Nearly 3,200 Russian soldiers surrendered to Ukraine last month, according to reports from Ukrainian officials involved in the “I Want to Live” hotline project.
Vitaliy Matvienko, head of the Ukrainian hotline, said Thursday that more than 16,000 Russian applicants have surrendered through the project since it was started in September. The Ukrainian official added in his statement that the number of Russian applicants increased 10 percent from March to April.
The project was created to offer Russian and Belarusian military personnel an escape from fighting in the war in Ukraine. In a tweet on Friday, however, the Ukrainian defense ministry also used the surrender project as a point of mockery against the Kremlin.
“The closer the counteroffensive, the hotter the surrender season,” the defense ministry said. “Don’t wait for the heat! The most favorable conditions are now.”
Officials have long touted a Ukrainian counteroffensive this spring to regain Russian-occupied territory in parts of southern and eastern Ukraine, although both sides have been at a stalemate for months in a battle for Bakhmut.
The brutal fighting around the eastern Ukrainian city has come with heavy losses for Kyiv and Moscow. But officials have estimated Russia’s casualties much higher than Ukraine’s, with White House National Security Council spokesman John Kirby reporting on Monday that Russia had suffered over 100,000 since December, including 20,000 deaths.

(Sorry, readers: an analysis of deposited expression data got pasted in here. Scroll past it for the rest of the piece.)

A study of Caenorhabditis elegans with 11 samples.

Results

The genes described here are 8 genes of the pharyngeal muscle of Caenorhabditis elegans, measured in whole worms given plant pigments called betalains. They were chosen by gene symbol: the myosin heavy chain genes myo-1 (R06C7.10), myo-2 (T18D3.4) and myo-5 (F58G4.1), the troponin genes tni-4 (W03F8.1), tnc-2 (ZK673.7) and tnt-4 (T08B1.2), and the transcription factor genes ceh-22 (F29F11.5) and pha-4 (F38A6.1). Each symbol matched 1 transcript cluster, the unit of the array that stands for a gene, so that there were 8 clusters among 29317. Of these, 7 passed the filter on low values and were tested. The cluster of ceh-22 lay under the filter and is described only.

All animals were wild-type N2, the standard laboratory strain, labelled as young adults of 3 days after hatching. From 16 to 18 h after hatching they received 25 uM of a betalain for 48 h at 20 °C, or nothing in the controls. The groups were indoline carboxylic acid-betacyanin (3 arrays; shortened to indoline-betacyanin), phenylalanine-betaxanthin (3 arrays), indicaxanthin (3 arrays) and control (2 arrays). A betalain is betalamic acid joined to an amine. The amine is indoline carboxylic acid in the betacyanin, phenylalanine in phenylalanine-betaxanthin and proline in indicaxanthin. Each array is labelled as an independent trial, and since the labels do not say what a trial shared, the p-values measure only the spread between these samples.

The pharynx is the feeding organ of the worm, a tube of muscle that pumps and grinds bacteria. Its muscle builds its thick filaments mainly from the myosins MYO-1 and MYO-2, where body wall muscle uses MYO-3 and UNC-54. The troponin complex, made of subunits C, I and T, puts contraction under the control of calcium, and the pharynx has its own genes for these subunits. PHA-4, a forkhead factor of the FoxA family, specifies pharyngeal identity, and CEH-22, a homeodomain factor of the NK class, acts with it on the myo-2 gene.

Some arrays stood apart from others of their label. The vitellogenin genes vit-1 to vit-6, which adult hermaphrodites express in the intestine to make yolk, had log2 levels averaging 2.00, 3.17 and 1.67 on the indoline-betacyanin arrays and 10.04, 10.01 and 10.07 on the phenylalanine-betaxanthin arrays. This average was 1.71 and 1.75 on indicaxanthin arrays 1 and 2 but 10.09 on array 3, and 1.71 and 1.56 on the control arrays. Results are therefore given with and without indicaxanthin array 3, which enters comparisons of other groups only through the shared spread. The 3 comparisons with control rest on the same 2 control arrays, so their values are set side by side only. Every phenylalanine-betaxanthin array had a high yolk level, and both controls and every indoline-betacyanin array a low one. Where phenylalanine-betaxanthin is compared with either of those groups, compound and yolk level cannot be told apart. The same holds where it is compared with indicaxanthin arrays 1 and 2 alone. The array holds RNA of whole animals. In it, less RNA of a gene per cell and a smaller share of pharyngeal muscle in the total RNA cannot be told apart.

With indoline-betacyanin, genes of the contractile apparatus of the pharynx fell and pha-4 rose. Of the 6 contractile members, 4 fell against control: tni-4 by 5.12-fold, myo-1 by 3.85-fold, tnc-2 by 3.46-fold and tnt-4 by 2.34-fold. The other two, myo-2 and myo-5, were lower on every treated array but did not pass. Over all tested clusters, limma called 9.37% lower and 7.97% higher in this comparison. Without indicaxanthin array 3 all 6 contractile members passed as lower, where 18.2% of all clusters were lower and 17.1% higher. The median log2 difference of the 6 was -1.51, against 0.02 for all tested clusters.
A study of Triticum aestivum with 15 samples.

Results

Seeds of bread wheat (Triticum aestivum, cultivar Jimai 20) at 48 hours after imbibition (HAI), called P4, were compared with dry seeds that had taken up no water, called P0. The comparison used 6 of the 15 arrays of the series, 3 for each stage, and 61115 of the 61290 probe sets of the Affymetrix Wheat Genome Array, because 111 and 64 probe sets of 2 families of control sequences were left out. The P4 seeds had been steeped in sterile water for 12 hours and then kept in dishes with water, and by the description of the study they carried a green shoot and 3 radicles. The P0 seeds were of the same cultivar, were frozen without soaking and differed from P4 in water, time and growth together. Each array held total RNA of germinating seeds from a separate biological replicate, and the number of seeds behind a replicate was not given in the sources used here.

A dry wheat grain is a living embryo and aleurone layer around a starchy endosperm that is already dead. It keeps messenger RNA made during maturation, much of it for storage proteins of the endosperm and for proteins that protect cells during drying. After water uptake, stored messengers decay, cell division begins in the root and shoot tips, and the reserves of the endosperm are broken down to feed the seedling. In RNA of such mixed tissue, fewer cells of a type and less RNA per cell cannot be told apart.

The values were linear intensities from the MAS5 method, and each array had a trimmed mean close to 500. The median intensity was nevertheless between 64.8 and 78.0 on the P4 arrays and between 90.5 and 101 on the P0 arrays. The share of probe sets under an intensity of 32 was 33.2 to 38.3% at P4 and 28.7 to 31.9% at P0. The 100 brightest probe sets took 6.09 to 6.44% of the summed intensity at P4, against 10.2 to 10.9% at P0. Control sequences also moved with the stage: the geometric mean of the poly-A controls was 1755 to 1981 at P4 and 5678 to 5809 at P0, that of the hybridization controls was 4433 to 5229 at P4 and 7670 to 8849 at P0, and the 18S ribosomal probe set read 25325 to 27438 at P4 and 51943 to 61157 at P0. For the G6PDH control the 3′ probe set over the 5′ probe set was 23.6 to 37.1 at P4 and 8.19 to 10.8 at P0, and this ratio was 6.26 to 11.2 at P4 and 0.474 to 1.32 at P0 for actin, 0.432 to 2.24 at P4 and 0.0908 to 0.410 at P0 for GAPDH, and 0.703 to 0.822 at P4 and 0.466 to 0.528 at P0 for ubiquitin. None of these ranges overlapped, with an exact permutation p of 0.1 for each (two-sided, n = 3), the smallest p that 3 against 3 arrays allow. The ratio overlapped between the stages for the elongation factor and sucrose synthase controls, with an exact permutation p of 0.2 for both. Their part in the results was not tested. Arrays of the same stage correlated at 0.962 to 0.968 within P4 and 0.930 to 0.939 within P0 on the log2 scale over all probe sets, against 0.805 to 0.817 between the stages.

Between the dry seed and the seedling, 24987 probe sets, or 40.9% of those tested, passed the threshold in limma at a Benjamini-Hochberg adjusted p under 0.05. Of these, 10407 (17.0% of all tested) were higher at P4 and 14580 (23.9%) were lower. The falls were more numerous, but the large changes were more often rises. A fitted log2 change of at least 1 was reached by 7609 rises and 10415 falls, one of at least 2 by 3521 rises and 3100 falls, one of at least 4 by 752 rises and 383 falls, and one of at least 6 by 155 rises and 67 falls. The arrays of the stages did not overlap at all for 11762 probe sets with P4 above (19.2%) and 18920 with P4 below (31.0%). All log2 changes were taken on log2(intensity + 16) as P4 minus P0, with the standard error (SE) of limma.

According to a survey conducted among Russian prisoners of war who are in Ukrainian control, over 50 percent of Moscow’s fighters said they were motivated to fight in Ukraine to improve their livelihoods, spokesperson for Ukrainian military intelligence Andriy Yusov reported this week.
“That is, not love for the homeland, not even trust in propaganda or love for [President Vladimir] Putin … but the desire for ‘life stability,’” Yusov said during a press briefing Thursday, according to an English translation of a transcript from the meeting.
Yusov added that roughly 3.3 percent of the Russian respondents said that they their expectations had been “met” since joining the fight in Ukraine, while 45.7 percent of Russian prisoners said their expectations “did not come true at all” after joining the Russian Armed Forces.
Newsweek has reached out to the Russian defense ministry via email for comment.
Despite the heavy losses, Putin has promised to avoid imposing a second mobilization after Russia’s first wave in September was met with widespread condemnation and hundreds of thousands of men fleeing the Kremlin’s borders to avoid the fight. Moscow did recently impose a crackdown on citizens attempting to avoid military service, however, a sign that Putin is preparing for the long haul in his ongoing invasion.
A recruitment campaign video from the Russian military circulated on social media sites last month, promising that a volunteer can become “a real man” by fighting in Ukraine. The ad was ridiculed by online users, however, with many pointing to the Kremlin’s high rate of casualties among soldiers already in battle.